Q: I am looking to open a high street hairdressing salon and have been offered a lease. The shop front is perfect but I need to renovate the inside and possibly knock walls down. As the inside is dark, I would also like to put in a skylight? Could I make these alterations to a rented property?
A: You would need to consider the demise of the property to be granted under the lease in order to determine what part of it is yours to renovate and decorate, and also to determine the extent of any repair and maintenance obligations you will be required to keep.
The lease will specify if there are any prohibitions relating to alterations. Often, non-structural alterations to property are permitted provided you obtain the Landlord’s prior consent, for which you should be prepared to pay reasonable administration costs. In a lease for this type of property there is likely to be an absolute prohibition against making any structural or external alteration to the property. You should therefore determine if any of the walls you want to knock down are load-bearing. If they are you will not be able to knock them down. Installing a skylight would be considered an external alteration to the roof which would not be permitted under the lease.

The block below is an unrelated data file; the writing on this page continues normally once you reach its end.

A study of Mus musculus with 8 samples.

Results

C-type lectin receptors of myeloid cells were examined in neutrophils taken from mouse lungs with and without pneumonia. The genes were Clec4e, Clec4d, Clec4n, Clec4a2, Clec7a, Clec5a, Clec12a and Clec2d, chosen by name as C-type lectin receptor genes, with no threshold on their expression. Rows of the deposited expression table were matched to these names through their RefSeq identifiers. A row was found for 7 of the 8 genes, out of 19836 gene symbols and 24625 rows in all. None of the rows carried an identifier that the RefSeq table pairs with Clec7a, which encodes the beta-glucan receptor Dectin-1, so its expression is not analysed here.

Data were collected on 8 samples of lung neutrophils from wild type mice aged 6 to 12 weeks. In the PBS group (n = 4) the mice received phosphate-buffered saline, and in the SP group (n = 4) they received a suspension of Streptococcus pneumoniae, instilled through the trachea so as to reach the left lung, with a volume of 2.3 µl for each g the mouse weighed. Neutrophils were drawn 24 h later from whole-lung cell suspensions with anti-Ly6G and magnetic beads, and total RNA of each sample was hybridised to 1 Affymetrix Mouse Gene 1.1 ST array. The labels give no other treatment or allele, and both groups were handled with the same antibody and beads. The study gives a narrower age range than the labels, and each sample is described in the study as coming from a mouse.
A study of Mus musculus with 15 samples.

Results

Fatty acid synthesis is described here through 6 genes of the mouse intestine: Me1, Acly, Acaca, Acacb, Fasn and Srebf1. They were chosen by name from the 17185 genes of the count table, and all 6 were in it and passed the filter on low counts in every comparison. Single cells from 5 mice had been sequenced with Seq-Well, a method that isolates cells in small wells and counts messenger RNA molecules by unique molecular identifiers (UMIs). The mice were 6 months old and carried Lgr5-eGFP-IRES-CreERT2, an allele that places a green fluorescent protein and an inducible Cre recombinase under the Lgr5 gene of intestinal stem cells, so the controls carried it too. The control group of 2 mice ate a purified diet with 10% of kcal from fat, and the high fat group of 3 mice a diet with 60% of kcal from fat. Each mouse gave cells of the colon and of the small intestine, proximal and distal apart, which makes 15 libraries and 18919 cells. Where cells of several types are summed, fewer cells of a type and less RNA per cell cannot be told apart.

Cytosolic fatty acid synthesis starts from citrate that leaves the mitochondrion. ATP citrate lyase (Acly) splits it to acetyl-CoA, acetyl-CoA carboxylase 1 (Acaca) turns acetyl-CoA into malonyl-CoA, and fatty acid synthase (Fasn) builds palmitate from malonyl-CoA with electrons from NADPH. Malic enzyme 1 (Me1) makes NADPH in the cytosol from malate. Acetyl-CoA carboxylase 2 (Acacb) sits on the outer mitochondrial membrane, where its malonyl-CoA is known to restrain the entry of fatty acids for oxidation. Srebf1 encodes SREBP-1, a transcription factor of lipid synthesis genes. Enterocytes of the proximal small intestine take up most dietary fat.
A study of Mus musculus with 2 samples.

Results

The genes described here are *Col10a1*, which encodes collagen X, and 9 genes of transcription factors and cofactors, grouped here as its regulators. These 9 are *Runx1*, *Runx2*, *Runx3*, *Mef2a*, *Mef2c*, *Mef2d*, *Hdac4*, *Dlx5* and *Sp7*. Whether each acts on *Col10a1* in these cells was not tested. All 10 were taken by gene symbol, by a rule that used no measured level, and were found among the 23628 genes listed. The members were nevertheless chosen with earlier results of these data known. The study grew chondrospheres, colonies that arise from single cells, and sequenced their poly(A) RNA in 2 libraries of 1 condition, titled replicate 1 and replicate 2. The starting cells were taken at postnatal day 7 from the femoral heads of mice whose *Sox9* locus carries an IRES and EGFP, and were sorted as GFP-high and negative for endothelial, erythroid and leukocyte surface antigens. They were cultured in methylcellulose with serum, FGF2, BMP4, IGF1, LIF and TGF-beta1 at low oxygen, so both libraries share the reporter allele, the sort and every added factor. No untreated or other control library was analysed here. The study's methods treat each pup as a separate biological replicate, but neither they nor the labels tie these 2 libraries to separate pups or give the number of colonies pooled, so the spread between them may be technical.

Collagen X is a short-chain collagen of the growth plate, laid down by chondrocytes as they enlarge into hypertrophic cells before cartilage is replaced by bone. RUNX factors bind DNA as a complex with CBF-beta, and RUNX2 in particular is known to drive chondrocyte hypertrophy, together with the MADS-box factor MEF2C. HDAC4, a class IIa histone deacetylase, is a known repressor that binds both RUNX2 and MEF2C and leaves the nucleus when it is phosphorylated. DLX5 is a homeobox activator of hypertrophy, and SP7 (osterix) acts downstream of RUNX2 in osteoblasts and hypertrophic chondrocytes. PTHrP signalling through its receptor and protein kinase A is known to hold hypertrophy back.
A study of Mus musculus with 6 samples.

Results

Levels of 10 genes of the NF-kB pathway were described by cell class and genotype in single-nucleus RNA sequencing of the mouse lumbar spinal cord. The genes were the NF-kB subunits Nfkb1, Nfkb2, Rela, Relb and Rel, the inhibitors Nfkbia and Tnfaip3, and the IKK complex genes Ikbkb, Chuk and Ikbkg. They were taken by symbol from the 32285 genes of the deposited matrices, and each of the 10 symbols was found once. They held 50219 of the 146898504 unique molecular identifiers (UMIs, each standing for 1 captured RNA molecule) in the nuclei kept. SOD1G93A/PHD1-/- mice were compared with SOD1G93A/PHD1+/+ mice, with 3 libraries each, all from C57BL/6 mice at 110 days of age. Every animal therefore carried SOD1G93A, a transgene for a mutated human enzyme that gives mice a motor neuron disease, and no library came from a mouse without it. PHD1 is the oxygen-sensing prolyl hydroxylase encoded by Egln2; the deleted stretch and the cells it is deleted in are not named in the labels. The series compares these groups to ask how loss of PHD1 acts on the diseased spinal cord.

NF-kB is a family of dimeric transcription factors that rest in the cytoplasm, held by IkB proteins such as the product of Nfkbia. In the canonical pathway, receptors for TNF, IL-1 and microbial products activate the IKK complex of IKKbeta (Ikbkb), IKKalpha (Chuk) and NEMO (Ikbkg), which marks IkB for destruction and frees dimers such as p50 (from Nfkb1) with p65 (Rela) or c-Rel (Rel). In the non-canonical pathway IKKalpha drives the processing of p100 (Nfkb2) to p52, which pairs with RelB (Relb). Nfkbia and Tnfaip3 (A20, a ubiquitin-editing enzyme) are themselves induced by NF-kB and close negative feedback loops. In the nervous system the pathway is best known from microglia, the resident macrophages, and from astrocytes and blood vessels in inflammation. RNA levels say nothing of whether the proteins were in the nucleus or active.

With this type of property, the Landlord will insist on a full repairing and insuring lease which means the Tenant is responsible for all maintenance, repairs and insurance costs for the property. Ensure you are fully aware of the property’s condition before entering into the lease, as the lease will require you to “keep the property in repair” irrespective of whether it was in a poor state of repair at the commencement of the lease. Your solicitor can advise how you can limit the repairing obligations in the lease.